Why do we dream and why is it so important?


Have you ever wondered why you dream? Most of us take it for granted and accept that it is simply something that our brain does while we sleep and that we have little or no control over it. But there is certainly much more to these night visions and they could even be improving our health and wellbeing.

Dreams happen during good sleep

If you have trouble sleeping, there is a good chance that you don’t remember your dreams clearly or you may never dream at all. This is because dreams mostly take place during the Rapid Eye Movement or REM stages of sleep. Our sleep works on a cycle that takes around 90 minutes to complete and we might go through 5 or so of these cycles per night. In the REM stage, our brain activity is high, but our body is mostly paralysed. REM sleep increases in intensity and duration throughout the night with periods of close to an hour occurring as morning approaches. This is why we often remember the dreams that happen in the morning.

Dreams occur during the REM stage, so if you fail to reach that stage due to irregular sleep patterns, you may never actually dream as you skip this important form of sleep across the night.

What is a dream?

This is the question that scientists struggle to answer. However some theories have emerged. One is that it is our brain’s way of processing our thoughts and events of the previous day or two with what is essentially a hallucination. The brain might be storing important memories, solving problems that have concerned us or it may simply be our subconscious mind revealing our hidden emotions and desires.

Other researchers believe that that our brains have evolved to dream as part of our neurological functioning, but that the dreams themselves are meaningless by-products of this function. In most cases, we have no control over what happens in a dream, although lucid dreaming does allow for some input and this most often happens during that period of time when the dreamer is only half asleep.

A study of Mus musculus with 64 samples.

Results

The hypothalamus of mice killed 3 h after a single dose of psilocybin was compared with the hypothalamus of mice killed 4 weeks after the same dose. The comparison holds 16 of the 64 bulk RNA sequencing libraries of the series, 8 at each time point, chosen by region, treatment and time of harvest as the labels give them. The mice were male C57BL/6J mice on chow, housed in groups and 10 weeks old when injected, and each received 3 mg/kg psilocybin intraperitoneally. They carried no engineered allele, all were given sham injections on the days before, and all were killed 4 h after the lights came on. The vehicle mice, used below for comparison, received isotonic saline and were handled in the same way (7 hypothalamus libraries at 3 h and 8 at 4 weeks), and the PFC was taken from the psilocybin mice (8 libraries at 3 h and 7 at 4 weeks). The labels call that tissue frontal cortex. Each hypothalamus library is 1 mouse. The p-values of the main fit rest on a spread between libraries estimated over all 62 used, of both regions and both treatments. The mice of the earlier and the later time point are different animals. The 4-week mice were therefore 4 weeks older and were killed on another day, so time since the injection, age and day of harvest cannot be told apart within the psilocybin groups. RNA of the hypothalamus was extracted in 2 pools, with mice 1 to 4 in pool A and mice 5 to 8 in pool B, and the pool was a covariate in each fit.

Why are dreams important?

A study was carried out in 1960 by William C. Dement MD, PHD that looked into this. Subjects were woken throughout the night just as they entered REM sleep and were therefore, not allowed to dream at all. They all reported increased tension, anxiety, a lack of coordination, tiredness, weight gain and even a tendency to hallucinate. It seems that dream deprivation (alongside sleep deprivation) can have profound consequences.

Improving your chances of dreaming

So if you are finding it difficult to sleep well, there’s a good chance you are also not dreaming effectively. The dreams themselves may not be important, but the brain activity taking place during REM sleep is essential. So what can you do to help yourself to reach all of the stages of sleep?

  • The Sleep Infuser is designed to get you into a natural pattern of sleep and to take you through that cycle across the night. You should therefore enter REM sleep around 5 times each night, once the pattern is established.
  • You can also try to time your bed times and waking times to ensure you move through the full 90 minute cycles before waking. Set and consistent bed times and waking times are known to be good for health.
  • Give yourself the best chance of sleeping throughout the night by checking bedroom temperature, clothing choices, lighting and avoiding disturbances where ever possible.
  • Avoid stimulants that might affect sleep and try not to take sleeping medication or alcohol to promote sleep. These affect the sleep cycle.